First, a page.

The frustration a reader encounters with The Trial is a key to understanding what makes it a great novel. It is a series of absurdities reflecting the very nature of human institutions.
Joseph K., a prominent bank official, awakens one morning to find himself under arrest. He doesn’t know what he’s charged with, and his efforts to find out only lead to further entanglement. The book is both intriguing and exasperating – just like Joseph K.’s predicament.
The men sent to arrest him may or may not be policemen. The “court” to which he is sent to trial turns out to be in a large tenant building where other men line the corridors waiting for something. The judge lives in the courtroom and seems intimidated by the defendant’s outrage. Josef tries to keep his job while stumbling up one blind alley after another.
A lawyer informs Josef that everything in trials is weighted heavily against the accused, who has no access to court records and no legal right to mount a defense. And one needs the good will of lawyers to obtain their help at all. Then Josef is referred to a source who says there are three possibilities of acquittal, but he knows of no total acquittals because nothing in court proceedings is ever recorded. Meanwhile, Josef’s budding relationships with women seem to fizzle out, as though the author decided they weren’t worth pursuing.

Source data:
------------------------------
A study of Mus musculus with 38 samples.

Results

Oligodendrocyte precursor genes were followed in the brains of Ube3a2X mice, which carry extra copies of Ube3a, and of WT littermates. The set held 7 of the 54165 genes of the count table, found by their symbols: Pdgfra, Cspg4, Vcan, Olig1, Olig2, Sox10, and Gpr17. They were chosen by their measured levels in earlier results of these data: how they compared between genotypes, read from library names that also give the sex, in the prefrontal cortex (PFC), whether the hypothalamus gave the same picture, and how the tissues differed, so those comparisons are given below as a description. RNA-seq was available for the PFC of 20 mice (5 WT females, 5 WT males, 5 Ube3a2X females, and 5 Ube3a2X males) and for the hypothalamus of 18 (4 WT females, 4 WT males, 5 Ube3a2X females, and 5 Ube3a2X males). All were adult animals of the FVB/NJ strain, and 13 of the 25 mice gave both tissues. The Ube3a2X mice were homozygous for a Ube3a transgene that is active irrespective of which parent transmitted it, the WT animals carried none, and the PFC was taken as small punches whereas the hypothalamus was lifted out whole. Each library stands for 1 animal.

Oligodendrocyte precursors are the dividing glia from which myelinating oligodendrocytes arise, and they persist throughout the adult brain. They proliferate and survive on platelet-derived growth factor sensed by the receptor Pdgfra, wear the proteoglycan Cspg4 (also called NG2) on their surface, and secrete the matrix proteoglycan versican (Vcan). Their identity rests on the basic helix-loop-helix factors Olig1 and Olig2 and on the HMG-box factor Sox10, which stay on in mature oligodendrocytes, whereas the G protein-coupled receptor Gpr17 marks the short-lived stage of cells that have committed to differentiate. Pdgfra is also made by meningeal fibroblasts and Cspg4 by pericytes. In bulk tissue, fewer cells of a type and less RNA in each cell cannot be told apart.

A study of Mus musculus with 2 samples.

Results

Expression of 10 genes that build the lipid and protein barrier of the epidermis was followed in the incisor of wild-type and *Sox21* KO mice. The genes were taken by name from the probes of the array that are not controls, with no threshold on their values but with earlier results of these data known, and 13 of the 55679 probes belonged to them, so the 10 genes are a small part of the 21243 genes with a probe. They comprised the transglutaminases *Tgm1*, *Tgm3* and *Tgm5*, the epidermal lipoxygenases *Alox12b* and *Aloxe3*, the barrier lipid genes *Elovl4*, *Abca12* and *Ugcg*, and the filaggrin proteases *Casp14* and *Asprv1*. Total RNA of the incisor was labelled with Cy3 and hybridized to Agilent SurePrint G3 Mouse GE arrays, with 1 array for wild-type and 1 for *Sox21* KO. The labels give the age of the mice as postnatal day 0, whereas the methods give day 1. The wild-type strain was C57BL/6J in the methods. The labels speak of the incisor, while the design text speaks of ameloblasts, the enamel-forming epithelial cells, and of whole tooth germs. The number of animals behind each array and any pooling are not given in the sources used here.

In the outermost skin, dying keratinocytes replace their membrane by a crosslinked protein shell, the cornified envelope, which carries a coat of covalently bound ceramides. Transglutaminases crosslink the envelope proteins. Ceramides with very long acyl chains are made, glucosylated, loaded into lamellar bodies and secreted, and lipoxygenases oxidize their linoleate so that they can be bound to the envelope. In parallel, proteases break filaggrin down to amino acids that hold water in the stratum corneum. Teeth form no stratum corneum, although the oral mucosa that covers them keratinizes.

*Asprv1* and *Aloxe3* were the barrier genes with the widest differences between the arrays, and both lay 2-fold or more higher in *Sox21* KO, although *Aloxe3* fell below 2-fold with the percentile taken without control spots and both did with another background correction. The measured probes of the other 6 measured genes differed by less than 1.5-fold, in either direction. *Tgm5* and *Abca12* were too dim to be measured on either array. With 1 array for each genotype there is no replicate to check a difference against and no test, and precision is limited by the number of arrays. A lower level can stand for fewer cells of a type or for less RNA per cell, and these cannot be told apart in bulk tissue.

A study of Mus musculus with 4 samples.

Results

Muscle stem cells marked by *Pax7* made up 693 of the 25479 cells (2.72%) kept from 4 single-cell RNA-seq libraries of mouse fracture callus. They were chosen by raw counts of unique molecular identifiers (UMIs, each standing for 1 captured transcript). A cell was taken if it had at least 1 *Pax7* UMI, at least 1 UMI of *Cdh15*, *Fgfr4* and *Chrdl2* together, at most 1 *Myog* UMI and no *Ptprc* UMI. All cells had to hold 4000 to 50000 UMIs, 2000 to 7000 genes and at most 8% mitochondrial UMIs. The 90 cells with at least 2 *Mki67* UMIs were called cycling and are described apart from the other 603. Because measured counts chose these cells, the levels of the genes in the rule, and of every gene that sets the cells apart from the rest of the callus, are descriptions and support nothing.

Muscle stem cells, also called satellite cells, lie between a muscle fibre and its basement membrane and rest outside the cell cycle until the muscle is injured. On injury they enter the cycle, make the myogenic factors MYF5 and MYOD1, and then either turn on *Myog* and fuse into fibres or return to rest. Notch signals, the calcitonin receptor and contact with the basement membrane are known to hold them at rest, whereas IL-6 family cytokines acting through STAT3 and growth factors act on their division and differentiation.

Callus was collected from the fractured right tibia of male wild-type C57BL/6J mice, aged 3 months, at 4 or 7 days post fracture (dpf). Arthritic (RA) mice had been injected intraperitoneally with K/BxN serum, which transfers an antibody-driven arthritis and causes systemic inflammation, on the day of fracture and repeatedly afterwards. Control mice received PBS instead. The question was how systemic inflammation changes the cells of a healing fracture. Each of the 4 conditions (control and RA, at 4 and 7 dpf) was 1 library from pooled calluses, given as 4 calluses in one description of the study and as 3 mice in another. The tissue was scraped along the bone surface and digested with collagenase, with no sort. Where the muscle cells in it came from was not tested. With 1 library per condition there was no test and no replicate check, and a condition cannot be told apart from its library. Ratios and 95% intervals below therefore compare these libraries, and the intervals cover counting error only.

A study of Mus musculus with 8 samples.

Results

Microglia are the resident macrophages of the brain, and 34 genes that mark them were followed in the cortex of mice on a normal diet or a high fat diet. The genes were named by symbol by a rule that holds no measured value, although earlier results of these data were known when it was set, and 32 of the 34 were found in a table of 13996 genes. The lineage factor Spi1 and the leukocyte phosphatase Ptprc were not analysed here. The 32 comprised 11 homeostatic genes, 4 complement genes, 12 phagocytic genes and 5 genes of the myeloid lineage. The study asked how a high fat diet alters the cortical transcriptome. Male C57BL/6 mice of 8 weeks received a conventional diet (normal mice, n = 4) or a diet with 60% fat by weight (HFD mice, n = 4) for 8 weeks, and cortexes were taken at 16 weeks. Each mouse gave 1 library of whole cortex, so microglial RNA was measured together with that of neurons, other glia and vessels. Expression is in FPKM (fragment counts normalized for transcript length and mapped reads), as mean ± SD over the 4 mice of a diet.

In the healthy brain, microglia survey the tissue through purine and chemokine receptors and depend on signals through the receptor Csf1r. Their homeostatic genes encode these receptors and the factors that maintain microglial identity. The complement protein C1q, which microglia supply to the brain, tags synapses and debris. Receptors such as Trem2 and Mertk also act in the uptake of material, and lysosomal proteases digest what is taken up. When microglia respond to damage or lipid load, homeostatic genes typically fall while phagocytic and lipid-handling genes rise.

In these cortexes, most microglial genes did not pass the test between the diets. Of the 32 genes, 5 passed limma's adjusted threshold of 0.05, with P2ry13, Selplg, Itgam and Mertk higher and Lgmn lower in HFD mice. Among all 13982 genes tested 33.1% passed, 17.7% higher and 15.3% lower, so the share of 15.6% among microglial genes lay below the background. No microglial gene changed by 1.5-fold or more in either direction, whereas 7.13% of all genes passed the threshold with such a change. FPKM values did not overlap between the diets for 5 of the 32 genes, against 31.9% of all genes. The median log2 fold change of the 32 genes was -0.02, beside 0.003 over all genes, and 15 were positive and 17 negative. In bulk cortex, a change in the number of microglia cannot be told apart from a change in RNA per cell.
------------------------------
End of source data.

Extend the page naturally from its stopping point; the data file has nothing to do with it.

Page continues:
Ultimately, Josef encounters a priest, a somewhat godly figure who seems to understand it all. Yet even he can offer only a series of inconclusive explanations. Cryptically he says, “the court doesn’t want anything from you. It accepts you when you come and it lets you go when you leave.”
An important element of this novel is the run-on nature of its narration. Lengthy paragraphs with no breaks lead to unresolved situations. In this scenario, people are in the grip of powerful forces beyond their control, and they all end up the same regardless of what choices they make.
The Trial is a mystery story, entertaining but without the resolutions we expect from mystery novels. If you accept it on its own terms, you’ll find it a cynical, yet insightful commentary on the human condition.